Social network analysis (SNA) is a process of quantitative and qualitative analysis of a social network. SNA measures and maps the flow of relationships and relationship changes between knowledge-possessing entities. Simple and complex entities include websites, computers, animals, humans, groups, organizations and nations.
The SNA structure is made up of node entities, such as humans, and ties, such as relationships. The advent of modern thought and computing facilitated a gradual evolution of the social networking concept in the form of highly complex, graph-based networks with many types of nodes and ties. These networks are the key to procedures and initiatives involving problem solving, administration and operations.
SNA usually refers to varied information and knowledge entities, but most actual studies focus on human (node) and relational (tie) analysis. The tie value is social capital.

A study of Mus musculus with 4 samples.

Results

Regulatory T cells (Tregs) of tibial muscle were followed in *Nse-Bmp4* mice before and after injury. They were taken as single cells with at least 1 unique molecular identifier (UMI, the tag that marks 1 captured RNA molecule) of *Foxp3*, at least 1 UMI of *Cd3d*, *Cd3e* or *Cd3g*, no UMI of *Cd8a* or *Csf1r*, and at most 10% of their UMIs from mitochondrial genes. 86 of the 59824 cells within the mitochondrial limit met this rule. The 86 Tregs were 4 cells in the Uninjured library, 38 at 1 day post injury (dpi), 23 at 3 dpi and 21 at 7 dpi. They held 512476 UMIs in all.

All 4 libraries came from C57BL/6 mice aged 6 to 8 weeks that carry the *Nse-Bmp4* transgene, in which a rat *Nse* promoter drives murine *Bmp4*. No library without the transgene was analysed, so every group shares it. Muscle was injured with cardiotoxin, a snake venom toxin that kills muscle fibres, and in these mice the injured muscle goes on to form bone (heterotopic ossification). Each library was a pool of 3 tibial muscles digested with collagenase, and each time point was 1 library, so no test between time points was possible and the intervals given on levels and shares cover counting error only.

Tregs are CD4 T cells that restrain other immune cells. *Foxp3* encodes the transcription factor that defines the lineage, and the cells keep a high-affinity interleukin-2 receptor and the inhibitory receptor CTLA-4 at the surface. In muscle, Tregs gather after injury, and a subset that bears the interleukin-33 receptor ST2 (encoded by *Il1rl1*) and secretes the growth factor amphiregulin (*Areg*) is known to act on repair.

SNA is often diagrammed with points (nodes) and lines (ties) to present the intricacies related to social networking. Professional researchers perform analysis using software and unique theories and methodologies.
SNA research is conducted in either of the following ways:
- Studying the complete social network, including all ties in a defined population.
- Studying egocentric components, including all ties and personal communities, which involves studying relationship between the focal points in the network and the social ties they make in their communities.
A snowball network forms when alters become egos and can create, or nominate, additional alters. Conducting snowball studies is difficult, due to logistical limitations. The abstract SNA concept is complicated further by studying hybrid networks, in which complete networks may create unlisted alters available for ego observation. Hybrid networks are analogous to employees affected by outside consultants, where data collection is not thoroughly defined.
Three analytical tendencies make SNA distinctive, as follows:
- Groups are not assumed to be societal building blocks.
- Studies focus on how ties affect individuals and other relationships, versus discrete individuals, organizations or states.
- Studies focus on structure, the composition of ties and how they affect societal norms, versus assuming that socialized norms determine behavior.